Can Working Keep You Young? Why You May Want to Rethink Your Retirement Plans
Baby boomers are now entering retirement — or standing at the threshold. But that doesn’t mean they’re ready to clock out for good.
If you’re like most Americans, you’ve spent the majority of your adult life supporting yourself and/or providing for a family. So, when retirement age hits, many of us seize the opportunity to have the freedom to live on our own terms. But for others, a professional life provides a welcome opportunity for stimulation, social interaction and, oh yes, a paycheck.
According to a recent study, nearly 50% of retirees currently work, have worked or plan to work in retirement. And of those who aren’t working, three quarters would be willing to work longer — preferably part-time — to keep their savings intact longer.
Financial benefits aside, the American Working Conditions Survey (AWCS) shows that many older Americans stay in the workplace because they want to be there. Why? Waking up and going to work can help you stay physically and mentally active, lending to an overall healthier and happier life.
Young at heart
Aging is inevitable, but keeping one foot in the workforce can be the secret to beating the clock. Here’s how:
Instilling a greater sense of purpose. There’s more to work than paychecks and benefits. Structure, fulfillment and recognition, for example, give people a sense of purpose and a reason to get moving each day. According to the AWCS, more than two-thirds of older working Americans feel they’re doing useful work and report satisfaction with a job well done.
Supporting overall wellness. From everyday social connections to employer-sponsored wellness programs, these on-the-job perks can help maintain your health and enhance your well-being. One study found that retirees who took a temporary or part-time job after retirement, compared to those who stopped working entirely, reported better daily functioning and less incidence of major disease.
Reducing benefits worries. From employer-paid health and life insurance to matching 401(k) contributions, workplace benefits are a huge plus — especially if your spouse is covered, too. It’s one less financial stressor to worry about.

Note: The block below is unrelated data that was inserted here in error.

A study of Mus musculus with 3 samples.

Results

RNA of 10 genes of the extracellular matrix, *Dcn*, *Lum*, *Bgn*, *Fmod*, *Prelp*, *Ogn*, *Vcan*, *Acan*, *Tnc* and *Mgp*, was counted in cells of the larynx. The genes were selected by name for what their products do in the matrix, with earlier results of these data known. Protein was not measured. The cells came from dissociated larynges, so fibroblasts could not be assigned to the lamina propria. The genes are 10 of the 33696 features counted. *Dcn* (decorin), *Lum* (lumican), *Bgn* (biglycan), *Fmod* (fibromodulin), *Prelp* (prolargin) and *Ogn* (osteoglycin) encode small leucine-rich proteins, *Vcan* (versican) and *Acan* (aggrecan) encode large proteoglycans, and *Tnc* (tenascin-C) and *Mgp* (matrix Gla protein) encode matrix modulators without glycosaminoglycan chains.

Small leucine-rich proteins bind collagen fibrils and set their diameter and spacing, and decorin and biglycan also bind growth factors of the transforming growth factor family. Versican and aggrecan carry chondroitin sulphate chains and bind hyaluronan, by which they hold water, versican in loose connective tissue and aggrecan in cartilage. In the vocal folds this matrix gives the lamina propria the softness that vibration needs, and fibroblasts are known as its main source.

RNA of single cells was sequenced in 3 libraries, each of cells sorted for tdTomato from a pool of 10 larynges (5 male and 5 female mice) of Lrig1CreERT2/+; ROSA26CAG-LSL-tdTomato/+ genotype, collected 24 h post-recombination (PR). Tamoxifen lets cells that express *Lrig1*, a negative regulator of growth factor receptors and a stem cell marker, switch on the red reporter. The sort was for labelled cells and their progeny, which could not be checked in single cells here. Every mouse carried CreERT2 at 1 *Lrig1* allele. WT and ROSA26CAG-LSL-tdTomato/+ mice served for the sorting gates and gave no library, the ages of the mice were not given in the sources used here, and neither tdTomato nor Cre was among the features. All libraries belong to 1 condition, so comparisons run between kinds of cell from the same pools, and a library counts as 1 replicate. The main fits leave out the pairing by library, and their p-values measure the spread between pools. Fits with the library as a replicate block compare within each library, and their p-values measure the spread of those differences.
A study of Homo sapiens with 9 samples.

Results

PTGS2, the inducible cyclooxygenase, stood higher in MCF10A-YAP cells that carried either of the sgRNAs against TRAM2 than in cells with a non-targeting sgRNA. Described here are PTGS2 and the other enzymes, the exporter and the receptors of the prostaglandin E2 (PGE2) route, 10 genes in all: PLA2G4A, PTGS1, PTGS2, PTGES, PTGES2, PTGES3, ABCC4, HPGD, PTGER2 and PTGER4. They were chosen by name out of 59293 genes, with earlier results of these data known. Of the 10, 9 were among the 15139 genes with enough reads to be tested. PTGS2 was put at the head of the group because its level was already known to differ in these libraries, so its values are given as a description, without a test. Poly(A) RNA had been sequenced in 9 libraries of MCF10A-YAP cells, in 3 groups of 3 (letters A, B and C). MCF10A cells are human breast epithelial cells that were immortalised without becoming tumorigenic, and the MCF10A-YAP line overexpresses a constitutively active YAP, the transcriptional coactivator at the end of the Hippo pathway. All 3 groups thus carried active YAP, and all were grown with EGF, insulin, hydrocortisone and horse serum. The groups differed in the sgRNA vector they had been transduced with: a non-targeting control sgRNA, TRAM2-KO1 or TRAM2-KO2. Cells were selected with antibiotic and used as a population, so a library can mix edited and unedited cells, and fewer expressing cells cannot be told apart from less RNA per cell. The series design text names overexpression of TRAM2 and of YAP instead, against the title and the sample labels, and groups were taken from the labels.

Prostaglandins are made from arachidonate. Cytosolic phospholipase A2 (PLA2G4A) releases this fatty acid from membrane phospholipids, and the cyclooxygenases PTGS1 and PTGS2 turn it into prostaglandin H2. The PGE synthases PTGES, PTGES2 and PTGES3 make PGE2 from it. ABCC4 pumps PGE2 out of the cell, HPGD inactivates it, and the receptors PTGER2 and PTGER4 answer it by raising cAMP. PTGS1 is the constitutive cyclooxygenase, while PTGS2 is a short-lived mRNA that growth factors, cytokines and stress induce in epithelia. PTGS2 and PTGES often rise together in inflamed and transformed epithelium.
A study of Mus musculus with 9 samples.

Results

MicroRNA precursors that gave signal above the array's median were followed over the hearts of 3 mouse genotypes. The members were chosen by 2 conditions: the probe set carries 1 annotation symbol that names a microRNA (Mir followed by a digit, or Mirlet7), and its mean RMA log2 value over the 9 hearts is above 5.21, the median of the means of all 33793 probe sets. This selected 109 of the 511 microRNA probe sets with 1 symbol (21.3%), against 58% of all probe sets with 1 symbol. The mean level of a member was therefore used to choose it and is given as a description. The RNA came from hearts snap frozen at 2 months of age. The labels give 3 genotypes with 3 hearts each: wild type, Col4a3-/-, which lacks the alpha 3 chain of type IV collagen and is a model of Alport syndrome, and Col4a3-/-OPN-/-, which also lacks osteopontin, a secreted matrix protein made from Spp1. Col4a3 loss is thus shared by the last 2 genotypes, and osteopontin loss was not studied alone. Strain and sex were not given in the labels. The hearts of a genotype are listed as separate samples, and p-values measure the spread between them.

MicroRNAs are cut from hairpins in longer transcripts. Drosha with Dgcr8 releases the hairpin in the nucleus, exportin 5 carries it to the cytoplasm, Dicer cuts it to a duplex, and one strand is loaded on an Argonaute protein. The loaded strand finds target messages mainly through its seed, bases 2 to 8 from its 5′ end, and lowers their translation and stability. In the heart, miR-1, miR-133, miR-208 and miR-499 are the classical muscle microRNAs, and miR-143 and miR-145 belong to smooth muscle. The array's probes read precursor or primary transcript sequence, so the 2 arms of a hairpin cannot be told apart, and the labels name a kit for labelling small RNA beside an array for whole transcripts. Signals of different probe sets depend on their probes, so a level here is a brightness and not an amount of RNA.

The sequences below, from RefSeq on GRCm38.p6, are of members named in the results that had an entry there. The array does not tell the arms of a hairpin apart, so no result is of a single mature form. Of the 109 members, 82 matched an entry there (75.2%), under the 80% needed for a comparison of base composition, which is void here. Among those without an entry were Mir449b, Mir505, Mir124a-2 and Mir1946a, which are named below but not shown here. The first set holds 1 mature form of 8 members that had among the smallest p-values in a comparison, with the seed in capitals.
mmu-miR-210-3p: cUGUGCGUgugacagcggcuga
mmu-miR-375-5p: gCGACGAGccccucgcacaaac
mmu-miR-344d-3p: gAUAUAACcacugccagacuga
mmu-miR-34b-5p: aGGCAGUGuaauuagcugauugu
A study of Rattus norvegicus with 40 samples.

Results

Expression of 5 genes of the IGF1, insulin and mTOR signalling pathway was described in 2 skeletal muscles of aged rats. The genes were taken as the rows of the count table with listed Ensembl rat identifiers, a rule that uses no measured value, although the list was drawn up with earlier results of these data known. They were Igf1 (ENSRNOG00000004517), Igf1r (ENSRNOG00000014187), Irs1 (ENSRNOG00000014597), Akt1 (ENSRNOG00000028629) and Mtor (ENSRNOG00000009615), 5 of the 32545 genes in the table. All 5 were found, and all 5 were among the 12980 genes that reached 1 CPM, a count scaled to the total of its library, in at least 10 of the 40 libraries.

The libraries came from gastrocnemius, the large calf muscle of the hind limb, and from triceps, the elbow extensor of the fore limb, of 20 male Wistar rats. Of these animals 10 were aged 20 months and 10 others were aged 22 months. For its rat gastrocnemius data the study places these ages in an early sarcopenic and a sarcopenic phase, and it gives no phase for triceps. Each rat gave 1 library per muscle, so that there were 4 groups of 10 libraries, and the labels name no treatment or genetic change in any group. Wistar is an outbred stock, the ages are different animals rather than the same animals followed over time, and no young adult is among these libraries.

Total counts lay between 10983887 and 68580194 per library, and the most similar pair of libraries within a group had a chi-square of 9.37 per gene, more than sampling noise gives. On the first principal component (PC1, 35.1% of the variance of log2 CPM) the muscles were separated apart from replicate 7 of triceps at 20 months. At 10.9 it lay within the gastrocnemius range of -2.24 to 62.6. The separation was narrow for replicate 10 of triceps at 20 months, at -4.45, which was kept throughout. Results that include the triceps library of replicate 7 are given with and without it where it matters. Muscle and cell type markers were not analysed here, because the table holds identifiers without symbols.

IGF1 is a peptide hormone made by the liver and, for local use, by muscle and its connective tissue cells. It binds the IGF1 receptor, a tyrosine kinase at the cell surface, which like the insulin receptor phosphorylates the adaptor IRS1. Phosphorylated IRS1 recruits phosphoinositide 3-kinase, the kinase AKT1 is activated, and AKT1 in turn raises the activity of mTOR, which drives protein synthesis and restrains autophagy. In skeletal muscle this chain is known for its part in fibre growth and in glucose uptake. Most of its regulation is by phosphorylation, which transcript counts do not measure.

Keeping you busy until your spouse retires. Most couples plan to retire within a year or two of one another. So, if your spouse is much younger or not ready to retire just yet, you can avoid “home-alone syndrome” by working several more years.
Know your financial options
Whether you plan to work full-time, part-time or not at all, there are other financial planning opportunities to help extend your retirement savings. For example, a reverse mortgage loan (exclusively available to homeowners and homebuyers age 62 and older) allows you to borrow against the equity in your home, giving you access to funds you can use today, or a line of credit that will be there when you need it. There’s even an option available to homeowners and homebuyers as young as 60, called Equity Elite.
The future is what you make of it
No matter your retirement plans, Reverse Mortgage Funding could help you secure the funds you need to enjoy the years ahead. Call (888) 277-1567 and set up a convenient phone appointment to learn more about financing options available to you.
SEE WHAT FUNDS YOU MAY HAVE AVAILABLE
If you have equity in your home and believe you meet the eligibility requirements, a HECM may be the option that could help you retire smart.
This content is sponsored by RMF, one of the nation’s leading reverse mortgage lenders. We are dedicated to helping older Americans live the retirement lifestyle that they imagined and deserve, in the comfort of their own home. As a result of our commitment to providing an extraordinary and positive customer experience, we have earned a 96% customer satisfaction rating; a 5-star / Excellent score on Trustpilot; 4.8 out of 5 stars on LendingTree; and an A+ rating with the Better Business Bureau. Call (877) 485-1359 to speak with a licensed reverse mortgage specialist to learn about our retirement financing products and solutions.